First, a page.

Healthcare providers use implanted ports to give IV treatments and blood transfusions directly into a vein. A port also allows easy access to a vein for blood draws. People with cancer, severe infections, kidney failure and IBD may need implanted ports. With the device, you need fewer needle sticks for certain treatments, like chemotherapy.
Implanted ports are devices that make it easier for healthcare providers to access a vein. They help people who often need IV treatments or blood draws.
The plastic or metal disc-shaped port is about the size of a quarter. The device goes beneath your skin in your chest, arm or abdomen. It’s usually barely visible under the skin. When you no longer need it, your provider takes it out.
A port has a:
Implanted ports can help adults and children. They work for anyone who needs frequent or long-term IV treatments, blood transfusions or blood draws.
Your healthcare provider may recommend a port if you or your child has:
Types of implanted ports include:
Before you get an implanted port, you may:
A port implant is an outpatient procedure that takes about an hour. You go home the same day, but someone should drive you.
Most people get ports under the skin on the right side of their chest. Sometimes, providers place ports in the inner side of the upper arm or in abdominal skin below the ribcage.
You’ll receive anesthesia to put you into a light sleep. You’ll be conscious during the procedure but won’t remember it. You’ll also get local anesthesia to numb the surgical site. A child may have general anesthesia to sleep more deeply through the procedure.
To place a port in your chest, your provider:
You may be able to feel or see a slight bulge in the skin from the port. Nonsteroidal anti-inflammatory drugs (NSAIDs) can ease any pain after the placement procedure. You won’t see the port or its rubber cap once the incision heals.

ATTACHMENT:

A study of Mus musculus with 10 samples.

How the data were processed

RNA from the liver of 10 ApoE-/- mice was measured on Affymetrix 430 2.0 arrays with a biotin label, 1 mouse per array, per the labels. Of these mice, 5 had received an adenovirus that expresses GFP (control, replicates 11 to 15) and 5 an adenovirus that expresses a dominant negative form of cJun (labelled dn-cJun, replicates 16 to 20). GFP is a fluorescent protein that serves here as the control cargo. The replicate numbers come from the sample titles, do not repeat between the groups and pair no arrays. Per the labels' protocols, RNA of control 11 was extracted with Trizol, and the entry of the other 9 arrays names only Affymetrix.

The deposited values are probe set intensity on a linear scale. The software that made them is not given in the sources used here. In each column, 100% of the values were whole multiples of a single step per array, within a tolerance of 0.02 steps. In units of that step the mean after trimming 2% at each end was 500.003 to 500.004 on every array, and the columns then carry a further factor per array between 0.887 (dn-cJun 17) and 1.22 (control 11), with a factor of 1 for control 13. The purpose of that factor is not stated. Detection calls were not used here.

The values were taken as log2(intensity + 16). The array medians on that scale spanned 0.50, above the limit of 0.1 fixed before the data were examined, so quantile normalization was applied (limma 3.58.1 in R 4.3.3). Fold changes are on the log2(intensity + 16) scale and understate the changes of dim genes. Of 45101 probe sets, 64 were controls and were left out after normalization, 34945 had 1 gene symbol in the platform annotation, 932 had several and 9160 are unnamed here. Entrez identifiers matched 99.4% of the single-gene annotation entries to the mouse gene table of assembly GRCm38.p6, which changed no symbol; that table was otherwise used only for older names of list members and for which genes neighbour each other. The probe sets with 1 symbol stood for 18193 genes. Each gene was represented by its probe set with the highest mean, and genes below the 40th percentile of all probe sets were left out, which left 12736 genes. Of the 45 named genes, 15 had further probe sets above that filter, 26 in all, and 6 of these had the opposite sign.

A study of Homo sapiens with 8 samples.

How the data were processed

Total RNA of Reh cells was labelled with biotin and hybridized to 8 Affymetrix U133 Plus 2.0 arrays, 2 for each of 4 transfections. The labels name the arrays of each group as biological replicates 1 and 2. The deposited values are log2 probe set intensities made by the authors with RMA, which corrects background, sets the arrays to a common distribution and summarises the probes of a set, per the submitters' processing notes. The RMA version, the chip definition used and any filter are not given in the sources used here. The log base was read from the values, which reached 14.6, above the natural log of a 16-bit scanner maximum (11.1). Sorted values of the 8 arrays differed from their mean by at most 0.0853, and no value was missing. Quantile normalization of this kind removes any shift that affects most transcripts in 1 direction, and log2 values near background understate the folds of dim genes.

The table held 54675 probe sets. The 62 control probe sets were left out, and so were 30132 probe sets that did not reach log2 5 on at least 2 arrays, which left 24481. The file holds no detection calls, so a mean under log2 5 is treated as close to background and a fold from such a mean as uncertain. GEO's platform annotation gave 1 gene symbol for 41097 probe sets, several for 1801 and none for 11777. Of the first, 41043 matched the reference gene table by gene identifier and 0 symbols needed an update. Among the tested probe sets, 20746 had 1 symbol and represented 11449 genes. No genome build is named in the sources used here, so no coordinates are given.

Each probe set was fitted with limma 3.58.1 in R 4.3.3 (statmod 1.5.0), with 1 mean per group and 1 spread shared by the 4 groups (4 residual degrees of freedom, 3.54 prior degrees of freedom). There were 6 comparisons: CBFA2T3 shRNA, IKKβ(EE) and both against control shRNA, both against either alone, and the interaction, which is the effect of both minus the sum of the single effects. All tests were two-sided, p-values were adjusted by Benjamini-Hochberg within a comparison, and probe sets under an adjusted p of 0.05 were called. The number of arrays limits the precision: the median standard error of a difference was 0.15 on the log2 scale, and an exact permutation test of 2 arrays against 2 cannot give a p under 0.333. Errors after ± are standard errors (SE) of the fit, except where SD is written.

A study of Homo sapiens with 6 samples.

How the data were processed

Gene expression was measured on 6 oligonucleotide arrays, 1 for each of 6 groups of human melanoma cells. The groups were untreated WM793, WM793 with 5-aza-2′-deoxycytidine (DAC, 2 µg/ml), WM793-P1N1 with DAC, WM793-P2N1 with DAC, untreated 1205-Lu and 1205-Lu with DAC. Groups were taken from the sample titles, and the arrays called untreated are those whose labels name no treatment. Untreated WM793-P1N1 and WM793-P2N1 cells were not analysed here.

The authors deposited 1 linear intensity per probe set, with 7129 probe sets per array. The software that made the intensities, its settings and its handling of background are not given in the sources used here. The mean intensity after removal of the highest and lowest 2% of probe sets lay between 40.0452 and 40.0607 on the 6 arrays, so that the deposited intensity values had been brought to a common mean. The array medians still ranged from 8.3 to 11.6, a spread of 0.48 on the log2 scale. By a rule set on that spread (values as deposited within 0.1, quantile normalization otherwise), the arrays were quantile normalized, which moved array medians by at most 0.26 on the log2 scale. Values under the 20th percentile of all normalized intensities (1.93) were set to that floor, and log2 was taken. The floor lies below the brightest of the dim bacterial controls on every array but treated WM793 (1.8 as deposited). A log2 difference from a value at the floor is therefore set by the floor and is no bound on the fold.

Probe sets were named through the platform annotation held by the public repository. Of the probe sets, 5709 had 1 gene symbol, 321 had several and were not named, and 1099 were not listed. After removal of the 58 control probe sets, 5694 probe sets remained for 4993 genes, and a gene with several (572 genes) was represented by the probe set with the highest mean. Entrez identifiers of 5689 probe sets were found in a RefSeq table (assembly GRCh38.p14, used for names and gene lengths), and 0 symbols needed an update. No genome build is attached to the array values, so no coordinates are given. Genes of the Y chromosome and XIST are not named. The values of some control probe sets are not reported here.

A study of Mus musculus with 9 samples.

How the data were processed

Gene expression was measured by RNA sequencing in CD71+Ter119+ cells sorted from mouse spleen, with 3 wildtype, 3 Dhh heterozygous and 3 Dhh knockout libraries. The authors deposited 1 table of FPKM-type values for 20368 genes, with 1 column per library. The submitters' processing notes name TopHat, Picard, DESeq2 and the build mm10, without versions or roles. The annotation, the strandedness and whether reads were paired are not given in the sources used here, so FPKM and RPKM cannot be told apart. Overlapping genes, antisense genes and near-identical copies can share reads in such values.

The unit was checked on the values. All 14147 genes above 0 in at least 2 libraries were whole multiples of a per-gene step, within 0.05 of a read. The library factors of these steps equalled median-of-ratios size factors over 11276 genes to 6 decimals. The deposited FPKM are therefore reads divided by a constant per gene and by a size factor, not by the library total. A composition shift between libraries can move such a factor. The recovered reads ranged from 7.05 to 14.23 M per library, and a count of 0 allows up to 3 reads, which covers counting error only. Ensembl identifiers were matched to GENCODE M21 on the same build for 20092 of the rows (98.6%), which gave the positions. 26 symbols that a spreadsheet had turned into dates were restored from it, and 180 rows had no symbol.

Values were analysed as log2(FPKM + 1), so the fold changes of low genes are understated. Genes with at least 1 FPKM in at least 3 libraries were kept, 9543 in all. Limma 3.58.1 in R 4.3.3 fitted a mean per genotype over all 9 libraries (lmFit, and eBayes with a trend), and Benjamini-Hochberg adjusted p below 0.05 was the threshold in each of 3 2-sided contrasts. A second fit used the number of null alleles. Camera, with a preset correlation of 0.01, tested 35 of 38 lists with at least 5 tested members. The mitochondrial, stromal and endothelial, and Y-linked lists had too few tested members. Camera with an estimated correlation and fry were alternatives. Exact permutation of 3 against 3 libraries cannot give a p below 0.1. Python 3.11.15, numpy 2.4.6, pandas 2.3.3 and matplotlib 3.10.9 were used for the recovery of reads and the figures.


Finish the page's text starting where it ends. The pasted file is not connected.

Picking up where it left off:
You’ll need to wear a bandage over the incision site. Once the incision heals, you shouldn’t have any discomfort. Avoid lifting anything heavy or doing strenuous activity until your provider gives the OK.
You may go to your provider’s office to receive treatments. For your child, your provider can teach you how to give some treatments at home using the port. Blood draws and transfusions take place at a healthcare facility.
To give IV treatments, you or a healthcare provider:
Ports can last for years. They can handle up to 2,000 needle sticks before replacement becomes necessary. Depending on your treatment plan, you may only need a port for a few weeks or months.
Port removal is faster than placement. You shouldn’t need anesthesia. You may want to take NSAIDs afterward if you have pain.
Uses dissolvable stitches to close the incision.
An implanted port offers many benefits. With the device, you can have:
The port reduces your risk of:
About one in three people have problems with implanted ports. Infections are the most common complication. Any infection raises the risk of a potentially life-threatening infection called sepsis.
Other potential complications include:
The skin covering the port doesn’t need any special care. If you aren’t receiving regular treatments, you or your provider will flush out the port and catheter once a month. Flushing lowers the risk of clots and blockages. It keeps the line open and ready for the next use.
After the incision site heals, you can resume most activities. You should check with your healthcare provider about participating in contact sports like football or high-impact activities.
You should call your healthcare provider if you experience:
A note from Cleveland Clinic
Implanted ports make it easier for you or your child to get prolonged treatments or blood draws for certain chronic illnesses. Once in place, a port is barely noticeable. It shouldn’t interfere with most daily activities. Your healthcare provider can discuss the pros and cons of using an implanted port.
Last reviewed by a Cleveland Clinic medical professional on 08/25/2021.